Ready to begin with your own organic garden? Do you know where to start or how to begin with it? Do you know what products will work for your garden? If you have no clue how to answer these last couple questions, the tips that are listed below are for you.
Making your own compost for organic gardening is extremely simple and easy to do. It provides soil of gardens with rich nutrients and keeps soil cool during summer months. You can use kitchen waste, sawdust, aquarium water, coffee grounds, tea leaves, rabbit or hamster droppings, a thin layer of lawn clippings, spices and eggshells in your compost.
A great way to assure a successful organic garden year after year is to keep a gardening journal. You simply need to jot down what vegetables do well and those that don't, as well as certain pests or other issues that your garden runs into. By doing this, you'll know what to change or keep the same the following year, resulting in a gorgeous organic garden.
Do not get rid of weeds by pulling them. This takes you a lot of time and they might grow back. If you notice an area with a lot of weeds, take a shovel and dig under it. Turn the soil over so that the weeds feed your seeds like manure would.
Pine makes a much better mulch than you might think. Some plants are highly acidic, and like soil that is acidic too. Use pine needles to increase the acid level in your soil if you have plants that require higher acid. Spread the needles over the beds in a layer that is approximately 2-inches deep. Over time, the needles will begin to decay, supplying the soil with acid as they do.
Use soap on your plants. Not much is worse than a bad aphid infestation. Your plants will look terrible, and eventually die, if the bugs continue to work on your plants. To get rid of them now, fill a spray bottle with dish soap and water. Spray thoroughly, and repeat as needed.
The space you leave in between your plants is an important measurement when it comes to gardening. It's common to not think about how much space a plant will need once it's full grown, and you don't want to crowd your garden. The plants will inevitably need to unfurl and spread, but they also need the circulation of air from open spaces. If you put enough thought into your garden, you will enjoy more impressive results.
To keep dirt from getting stuck in the leaves of lettuce and other leafy vegetables, use mulch. When the plants appear, spread an inch or two of mulch around the base of the plants. This will prevent dirt from getting into the plant and also help prevent pesky weeds. Just be sure that the mulch is organic and untreated by pesticides.
When planting your tomato seedlings in your organic garden, you should plant them up to the first true leaves, which will bury the stem. The reason is because new roots will sprout on these buried stems. The more roots there are in a seedling, the more fruit it will produce.
Short, low-lying weeds can be a headache in any organic garden. The best tactic for dealing with such intruders is to use a spade to cut them out at root level and bury them entirely under fresh soil. Dense, crawling weeds are too hard to pick out individually, but fortunately they are easily handled in bulk.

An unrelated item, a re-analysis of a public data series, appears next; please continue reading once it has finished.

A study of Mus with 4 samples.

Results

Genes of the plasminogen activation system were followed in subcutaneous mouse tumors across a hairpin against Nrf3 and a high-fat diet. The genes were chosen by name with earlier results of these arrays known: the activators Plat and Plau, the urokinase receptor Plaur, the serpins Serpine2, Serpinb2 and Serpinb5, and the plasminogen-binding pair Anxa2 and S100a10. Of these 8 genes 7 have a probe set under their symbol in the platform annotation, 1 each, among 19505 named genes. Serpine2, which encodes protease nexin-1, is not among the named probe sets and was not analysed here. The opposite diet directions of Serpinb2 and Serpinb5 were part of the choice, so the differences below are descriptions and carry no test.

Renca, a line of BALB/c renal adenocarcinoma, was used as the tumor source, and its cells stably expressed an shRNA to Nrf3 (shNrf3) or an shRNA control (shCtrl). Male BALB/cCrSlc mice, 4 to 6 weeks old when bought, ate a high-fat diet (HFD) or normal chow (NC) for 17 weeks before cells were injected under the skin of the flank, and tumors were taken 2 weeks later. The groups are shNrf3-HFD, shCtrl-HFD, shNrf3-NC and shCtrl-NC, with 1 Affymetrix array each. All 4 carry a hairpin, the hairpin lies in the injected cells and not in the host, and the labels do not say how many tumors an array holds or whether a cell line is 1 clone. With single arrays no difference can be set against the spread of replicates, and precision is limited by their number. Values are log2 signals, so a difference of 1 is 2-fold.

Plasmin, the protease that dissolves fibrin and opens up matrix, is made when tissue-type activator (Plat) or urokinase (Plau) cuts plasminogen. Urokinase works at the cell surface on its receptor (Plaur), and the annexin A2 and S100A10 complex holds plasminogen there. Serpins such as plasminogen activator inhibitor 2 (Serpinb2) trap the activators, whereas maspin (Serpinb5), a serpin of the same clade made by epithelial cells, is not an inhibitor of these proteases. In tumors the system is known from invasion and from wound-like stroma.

Stay out of your garden after it has rained or whenever it is wet. Diseases and bacteria thrive and spread more easily in damp environments. Bacteria can easily attach to your shoes as you walk through the wet garden and be transferred from plant to plant. Instead, wait until the soil is dry to enter your garden.
Spread around your dead fish refuse in the garden. Innards and intestines can decompose and leave vital nutrition in the soil. You may use either a composting pile or simply leave the refuse around your garden's soil. Either way, eventually nature returns all of the plant's nutrients back to the soil.
If you are trying to grow tomatoes from seed, use old drink cups or yogurt containers to start them. When they are ready to be transplanted, just cut the bottom off of the cup and put them right into the ground. This will help protect the new plant from worms and other pests.
To keep your garden organic, be sure that any seeds you buy are authentic, high quality organic seeds. Check to make sure that the seed company has been certified organic and does not sell any genetically modified seeds. There are a growing number of sources for organic seeds, so shop around.
Collecting and recycling rain water is a great way to save money and help your garden bloom. Rain water is generally cleaner and freer of pollutants and contaminants than ground water or city water. Collect the rain in rain barrels or cisterns so that you can use it whenever it is needed.
It's all about the mulch. try mulching all of your flower beds and trees with at least 3" of the organic material. It will conserve water, add some humus and other nutrients, and it will also discourage weed growth. It will also give the beds a nicer, more finished appearance.
When you collect your vegetables from your organic garden, use an old plastic laundry basket. First of all, it has a lot of room to gather many fruits and vegetables at one time. The basket will also also allow you to rinse off your harvest quickly since it will serve as a strainer to remove soil and debris from your fruits and vegetables.
Do you know how to begin your own organic garden now? Can you now find a place to begin with it? Do you know what will work for your seeds? If you can now provide an answer to these questions, then you have read and understood the previous tips and are ready to grow your own organic garden.